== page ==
A defiant Washington, D.C., grandmother was determined not to become the next carjacking statistic after being targeted by a teenager.
The would-be victim instead fought off her attacker, who was in need of an ambulance once all was said and done.
The grandmother, who declined to be publicly identified, was on her way to her chemotherapy treatment around 8:40 a.m. on Feb. 17 when she was confronted by a 15-year-old.
She was in her vehicle getting ready to start it when the teenager also entered her vehicle demanding the keys.
“The next thing I know, he walked up talking about, ‘Give me your keys, I got a gun’,” the grandmother told WJLA.
The steadfast grandmother told the teenager, “You better shoot me because you’re not taking my car today.”
The grandmother and the teen then got into a physical struggle. The woman’s hands had scars stemming from the altercation.
“He pushed me to the door then I got out and was hitting his a– and hitting him and fighting him, and I said, ‘you’re not going to take my car youngin’,” the woman said.
It’s unclear exactly how long the physical altercation lasted, but the grandmother reportedly screamed during the attack, which caught the attention of her grandson and a neighbor nearby.
“They all came out to help me then he ran across the street, and they caught him,” the woman said.
Police were called immediately after the teenager was apprehended by the woman’s grandson and neighbor.
“They caught him, and I said, ‘Oh, you’re going to jail today. You’re definitely going to jail, yes you are,” the grandmother said.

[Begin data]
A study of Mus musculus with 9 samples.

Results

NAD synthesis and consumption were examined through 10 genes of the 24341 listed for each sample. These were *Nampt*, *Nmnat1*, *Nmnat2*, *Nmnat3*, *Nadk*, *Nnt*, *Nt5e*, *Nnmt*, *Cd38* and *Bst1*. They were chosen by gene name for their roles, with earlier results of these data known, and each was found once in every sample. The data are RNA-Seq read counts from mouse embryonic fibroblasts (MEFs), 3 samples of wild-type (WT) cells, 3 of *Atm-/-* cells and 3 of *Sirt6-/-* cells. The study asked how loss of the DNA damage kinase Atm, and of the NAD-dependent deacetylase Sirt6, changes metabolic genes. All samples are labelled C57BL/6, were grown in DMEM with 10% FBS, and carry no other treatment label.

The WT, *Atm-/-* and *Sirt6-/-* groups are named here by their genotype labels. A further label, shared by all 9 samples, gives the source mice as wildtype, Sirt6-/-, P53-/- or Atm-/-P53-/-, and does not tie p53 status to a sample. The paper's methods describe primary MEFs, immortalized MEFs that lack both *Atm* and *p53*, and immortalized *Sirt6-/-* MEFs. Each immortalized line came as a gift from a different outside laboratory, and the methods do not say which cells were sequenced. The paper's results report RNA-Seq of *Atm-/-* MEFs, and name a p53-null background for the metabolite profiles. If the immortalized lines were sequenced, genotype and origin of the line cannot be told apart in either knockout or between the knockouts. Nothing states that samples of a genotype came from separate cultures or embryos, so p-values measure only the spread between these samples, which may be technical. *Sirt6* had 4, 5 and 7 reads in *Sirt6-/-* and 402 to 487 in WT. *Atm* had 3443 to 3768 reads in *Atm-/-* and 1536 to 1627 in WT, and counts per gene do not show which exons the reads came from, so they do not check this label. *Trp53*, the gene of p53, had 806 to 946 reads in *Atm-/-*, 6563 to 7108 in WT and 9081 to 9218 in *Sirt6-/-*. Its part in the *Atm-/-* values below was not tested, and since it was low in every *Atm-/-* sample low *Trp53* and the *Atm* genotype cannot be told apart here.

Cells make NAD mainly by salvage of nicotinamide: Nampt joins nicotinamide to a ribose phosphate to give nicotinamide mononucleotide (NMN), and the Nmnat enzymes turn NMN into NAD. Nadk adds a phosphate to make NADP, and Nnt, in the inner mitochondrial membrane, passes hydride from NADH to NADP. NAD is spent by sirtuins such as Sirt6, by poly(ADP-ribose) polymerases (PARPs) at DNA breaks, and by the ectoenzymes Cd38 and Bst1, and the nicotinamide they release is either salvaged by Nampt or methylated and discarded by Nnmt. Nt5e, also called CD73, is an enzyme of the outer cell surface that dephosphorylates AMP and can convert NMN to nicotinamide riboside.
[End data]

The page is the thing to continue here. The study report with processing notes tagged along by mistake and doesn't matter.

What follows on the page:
The elderly woman is a fixture in her neighborhood which sits on Washington D.C.’s southeast side near the Maryland border. She’s colloquially known as “grandma” to area residents. She said she had not seen the teenager before the attempted carjacking.
“On 22nd street? He must didn’t know where he was,” the grandmother said.
According to police, the unidentified teenager was taken to the hospital by ambulance after they arrived on the scene. He was charged with unarmed carjacking, and no gun was found at the scene.
Reports of carjackings are up throughout the country, according to the Council on Criminal Justice.
The organization combed car theft data from 2019 to 2022 for 30 major metropolitan areas including Atlanta, Detroit, Washington, D.C., Memphis and Chicago. “Only one of the 30 cities (Baltimore) experienced a decrease in vehicle thefts during this period. The average increase across these months in the 30 cities was 59 percent, and vehicle thefts more than doubled in eight of the cities.”
Washington D.C. saw a 70 percent increase in car thefts over the three-year period.
The report went on to say most carjackings occur at or near the victim’s home. Roughly 40 percent of offenders are armed with a firearm, and more than a quarter of the victims are injured. Women are as likely as men to be victims of a carjacking.